When someone tells me I should care about something I usually don’t. And that’s how I felt about Emily Carr.
I know, I know… But when I moved to the West Coast, and to Victoria, she was just so ubiquitous. It felt touristy. Her imagery is everywhere, she is the city’s claim to fame. To be honest my eyes would just glaze over.
One day last spring we were visiting the BC Archives and ended up in a large room in the basement that was full of art. We poked around a random collection of framed works mounted on rows of metal grills. Ann, our guide, pulled one out that was covered with watercolours and sketches of trees and totem poles.
“Are these Emily Carr?” Yes they were.
I can’t remember who said it, but something to the effect of “they aren’t her best pieces,” meaning that’s why they are just sitting in that room and not up in a gallery somewhere. I took a closer look.
The pieces were random, imperfect, vibrant, sketchy, and alive. That’s where it finally hit me: She was real. She was there.
She went to that village, she sat right there under that totem pole and she drew it. Alone in the early days of colonial British Columbia, boated into remote communities by locals, hitching a ride on a horse and cart, in all types of conditions. Inspired by the art and traditions of the First Nations people who informed her later interpretations of the land she loved so much.
Standing in that basement looking at Emily Carr’s “not so great” work under fluorescent lights is where everything changed for me. Where I first saw a cash grab, I now saw a young woman who challenged the expectations of her time and her people. She was an outsider who took solace in the wilderness of the Pacific Northwest and made capturing its energy and spirit her life’s work. She carved a path that was uniquely her own until the day she died.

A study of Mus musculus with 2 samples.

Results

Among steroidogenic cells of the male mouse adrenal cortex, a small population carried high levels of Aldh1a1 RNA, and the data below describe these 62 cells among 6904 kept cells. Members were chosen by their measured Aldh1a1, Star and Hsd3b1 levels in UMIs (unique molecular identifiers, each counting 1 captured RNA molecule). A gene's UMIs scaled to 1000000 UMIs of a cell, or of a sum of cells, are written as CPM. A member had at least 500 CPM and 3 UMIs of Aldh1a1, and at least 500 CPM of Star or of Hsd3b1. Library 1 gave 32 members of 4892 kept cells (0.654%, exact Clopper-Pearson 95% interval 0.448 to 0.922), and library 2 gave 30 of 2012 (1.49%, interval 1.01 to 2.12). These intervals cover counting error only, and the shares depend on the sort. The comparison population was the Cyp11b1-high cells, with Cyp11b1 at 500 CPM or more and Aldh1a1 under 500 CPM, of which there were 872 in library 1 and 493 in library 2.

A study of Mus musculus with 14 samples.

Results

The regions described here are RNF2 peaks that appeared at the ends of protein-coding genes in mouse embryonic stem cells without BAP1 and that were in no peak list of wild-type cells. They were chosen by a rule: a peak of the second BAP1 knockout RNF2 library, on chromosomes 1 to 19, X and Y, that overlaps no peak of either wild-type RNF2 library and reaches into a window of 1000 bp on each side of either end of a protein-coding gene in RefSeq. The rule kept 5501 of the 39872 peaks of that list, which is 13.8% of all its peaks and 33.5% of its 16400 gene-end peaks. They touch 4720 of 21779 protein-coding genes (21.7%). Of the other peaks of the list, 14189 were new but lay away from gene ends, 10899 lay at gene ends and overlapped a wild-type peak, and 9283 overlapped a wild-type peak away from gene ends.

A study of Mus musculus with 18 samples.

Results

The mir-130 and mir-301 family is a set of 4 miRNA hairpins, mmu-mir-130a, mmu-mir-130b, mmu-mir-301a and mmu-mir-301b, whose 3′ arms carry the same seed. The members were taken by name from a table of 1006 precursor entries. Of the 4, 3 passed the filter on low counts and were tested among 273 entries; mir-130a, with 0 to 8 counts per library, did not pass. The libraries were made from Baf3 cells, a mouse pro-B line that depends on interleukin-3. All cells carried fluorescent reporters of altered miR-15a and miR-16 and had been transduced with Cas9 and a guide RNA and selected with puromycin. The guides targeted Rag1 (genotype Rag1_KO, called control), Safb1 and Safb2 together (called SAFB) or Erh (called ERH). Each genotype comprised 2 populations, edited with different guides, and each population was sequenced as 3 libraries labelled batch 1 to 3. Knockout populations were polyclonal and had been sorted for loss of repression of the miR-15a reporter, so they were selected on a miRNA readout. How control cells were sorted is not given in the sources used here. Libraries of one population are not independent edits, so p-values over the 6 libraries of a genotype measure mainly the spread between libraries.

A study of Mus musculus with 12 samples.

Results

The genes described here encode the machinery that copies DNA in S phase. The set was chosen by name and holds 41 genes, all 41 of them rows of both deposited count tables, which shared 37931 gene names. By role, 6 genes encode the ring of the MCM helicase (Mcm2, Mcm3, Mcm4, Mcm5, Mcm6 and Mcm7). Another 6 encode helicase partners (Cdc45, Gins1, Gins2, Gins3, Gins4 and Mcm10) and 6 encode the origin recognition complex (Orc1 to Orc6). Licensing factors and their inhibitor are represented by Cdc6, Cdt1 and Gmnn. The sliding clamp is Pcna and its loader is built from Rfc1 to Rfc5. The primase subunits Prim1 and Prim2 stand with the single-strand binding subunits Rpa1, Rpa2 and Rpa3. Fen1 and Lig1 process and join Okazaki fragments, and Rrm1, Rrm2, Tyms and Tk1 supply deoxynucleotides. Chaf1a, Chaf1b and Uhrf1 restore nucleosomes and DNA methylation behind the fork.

On a beautiful sunny day this summer I stopped by the Ross Bay Cemetery. Just underneath a huge pine tree on the northern edge of the cemetery is a patch of warm dry grass, and there lies Emily’s grave. I had seen a sad, lonely little marker when I looked it up online but what I found was neither. The marker is there, but all around it is the evidence of many visitors. Fallen pinecones from the tree above have been collected and piled lovingly around it. The area is like a sweet-smelling cozy little nest. Paintbrushes and pencils are stuck into the ground, and little messages, painted rocks and carvings nestled in. A newer memorial stone has also been added with a poem that’s the perfect illustration of how she felt about the natural world, and her place in it:
“Dear Mother Earth! I think I have always belonged to you. I have loved from babyhood to roll upon you, to lie with my face pressed right down on to you in my sorrows. I love the look of you and the smell of you and the feel of you. When I die I should like to be in you uncoffined, unshrouded, the petals of flowers against my flesh and you covering me up” —Emily Carr
I’m thankful to have found Emily in my own way, and I’ll find a nice spot to put a pinecone the next time I go visit her.